There are two types of rechargeable batteries, lead-acid and lithium. Lithium batteries are lighter, have more storage capacity, and a longer life. Lead-acid batteries were the norm until the late 2010s, but in 2018, a new national standard for electric bikes was released, stipulating that the total weight of an e-bike including batteries should not exceed 55 kilograms. Since then, 35 percent of the 30 million new e-bikes produced nationwide use lithium batteries.
Lu Jinlong, vice president of the China Cycling Association, said that before 2018, the number of e-bike explosions was much lower.
Xue Yu, a manager at Light Electric Vehicle and Battery Product Quality Supervision and Inspection Center (CEVT), a government agency affiliated to the State Administration for Market Regulation in Wuxi, Jiangsu Province, said lithium batteries are more prone to accidents than lead-acid batteries, mainly due to the material and structure of the battery. Xue said lithium batteries have higher energy density than lead acid batteries, and lithium elements have more active chemistry than lead. Also, the electrolytes in a lithium battery – the liquid or paste which allows ions to move – burn easier than the dilute sulfuric acid electrolytes in lead acid batteries. Lead acid batteries can bulge or crack in an accident without causing further damage. Lithium batteries can combust because of thermal runaway, which happens when the heat produced inside a battery builds up and exceeds the amount of heat that is dissipated externally. If this occurs in a single battery, it affects adjacent batteries, which causes the runaway effect.
Ma said the ultimate solution would be to develop a solid-state lithium battery, with the electrolytes in solid form too.
“Now it’s easy for lithium batteries to expand and explode because the electrolytes are liquid,” Ma said. As a solid-state battery does not use a liquid electrolyte solution, it cannot combust and has no need of safety components, which makes it smaller. These batteries hold more charge and charge quicker as well. Development of a solid-state lithium battery, the holy grail of e-vehicles, is in the preliminary research stages, although a Harvard team led by Associate Professor of materials science Li Xin revealed in May 2021 that they have designed a solid-state battery which can last for the lifetime of a car, about 10- 15 years, and charge in 20 minutes, Nature reported.
In the e-bike industry, most enterprises do not produce their own batteries, but buy custom batteries from manufacturers to assemble. Leading e-bike producers often work with lithium battery manufacturers including Phylion, Tianneng Group and Chilwee.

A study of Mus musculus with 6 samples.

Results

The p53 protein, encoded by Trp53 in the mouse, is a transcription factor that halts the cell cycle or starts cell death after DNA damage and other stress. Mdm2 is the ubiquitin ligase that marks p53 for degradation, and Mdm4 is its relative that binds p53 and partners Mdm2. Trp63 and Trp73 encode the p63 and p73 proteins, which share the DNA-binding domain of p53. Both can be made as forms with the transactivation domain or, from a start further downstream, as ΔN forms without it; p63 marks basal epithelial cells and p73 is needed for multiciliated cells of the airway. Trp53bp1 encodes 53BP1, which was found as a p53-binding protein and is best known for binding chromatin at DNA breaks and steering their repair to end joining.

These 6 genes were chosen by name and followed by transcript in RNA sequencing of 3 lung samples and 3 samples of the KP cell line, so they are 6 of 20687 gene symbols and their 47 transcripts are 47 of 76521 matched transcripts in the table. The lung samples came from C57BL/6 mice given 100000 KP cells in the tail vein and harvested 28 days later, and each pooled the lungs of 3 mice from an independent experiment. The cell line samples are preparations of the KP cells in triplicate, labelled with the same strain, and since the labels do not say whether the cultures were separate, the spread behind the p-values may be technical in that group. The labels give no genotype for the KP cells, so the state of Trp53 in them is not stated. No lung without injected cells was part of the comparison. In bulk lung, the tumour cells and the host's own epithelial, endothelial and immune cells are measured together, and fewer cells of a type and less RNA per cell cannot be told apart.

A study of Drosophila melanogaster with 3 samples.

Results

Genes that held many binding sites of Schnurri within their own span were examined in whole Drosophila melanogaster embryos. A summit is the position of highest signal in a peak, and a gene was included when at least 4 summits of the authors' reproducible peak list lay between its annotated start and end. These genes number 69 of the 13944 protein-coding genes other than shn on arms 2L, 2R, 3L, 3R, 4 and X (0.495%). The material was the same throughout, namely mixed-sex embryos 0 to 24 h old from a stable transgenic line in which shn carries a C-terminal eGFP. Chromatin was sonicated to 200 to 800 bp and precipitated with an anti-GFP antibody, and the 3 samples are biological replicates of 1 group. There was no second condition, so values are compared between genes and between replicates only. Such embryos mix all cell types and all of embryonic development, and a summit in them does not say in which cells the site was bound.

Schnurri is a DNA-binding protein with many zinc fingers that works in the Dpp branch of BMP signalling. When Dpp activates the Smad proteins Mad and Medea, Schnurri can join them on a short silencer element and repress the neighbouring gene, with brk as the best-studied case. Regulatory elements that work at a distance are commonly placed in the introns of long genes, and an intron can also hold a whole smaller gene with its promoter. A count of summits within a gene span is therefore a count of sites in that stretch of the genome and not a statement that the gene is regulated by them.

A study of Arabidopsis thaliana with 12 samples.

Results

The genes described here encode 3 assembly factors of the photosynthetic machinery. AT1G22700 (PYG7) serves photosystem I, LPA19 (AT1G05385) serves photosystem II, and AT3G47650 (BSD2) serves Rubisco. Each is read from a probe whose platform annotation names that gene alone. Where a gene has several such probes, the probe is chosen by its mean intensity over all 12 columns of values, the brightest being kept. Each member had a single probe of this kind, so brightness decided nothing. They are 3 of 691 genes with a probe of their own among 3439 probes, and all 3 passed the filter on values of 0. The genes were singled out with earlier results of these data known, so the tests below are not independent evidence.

According to Ma, some big manufacturers of automobile lithium batteries pack them with uniform voltage and internal resistance and sell them to auto factories, while selling lower-quality batteries with different internal resistance and uneven voltage to small, unlicensed factories. These factories connect batteries in parallel, pack them and then sell them to secondary markets such as repair shops and e-bike stores. If a battery pack is comprised of batteries of different voltages and internal resistance, it can cause accidents. Overcharging is responsible for most battery explosions, Ma said.
“The way to form large-capacity batteries is to connect more than a dozen individual batteries in a series, and then combine them into a pack,” Ma said. “So if the configuration of the batteries is inconsistent, some batteries might be fully charged while others are not, and the battery pack continues to charge.” As a result, some batteries overcharge and heat up. The liquid electrolytes vaporize, increasing pressure which leads to an explosion.
Ye Zhentao is technical head of CEVT and one of the drafters of the new national standard for electric vehicles. Because e-bikes and batteries are often sold separately in China, inferior batteries are often installed, Ye said. He added there is no special recycling system for waste lithium batteries or any special recycling outlets so far.
Lu Jinlong said dozens of companies produce substandard lithium batteries in Dongguan, Guangdong Province with no safety guarantees. The price of these sub-standard batteries is normally 20-30 percent cheaper than leading brands. He suggests there should be compulsory national certification.
Ma added that e-bike manufacturers should step up to ensure the consistency of battery panels. Violation of the regulations should lead to legal penalties.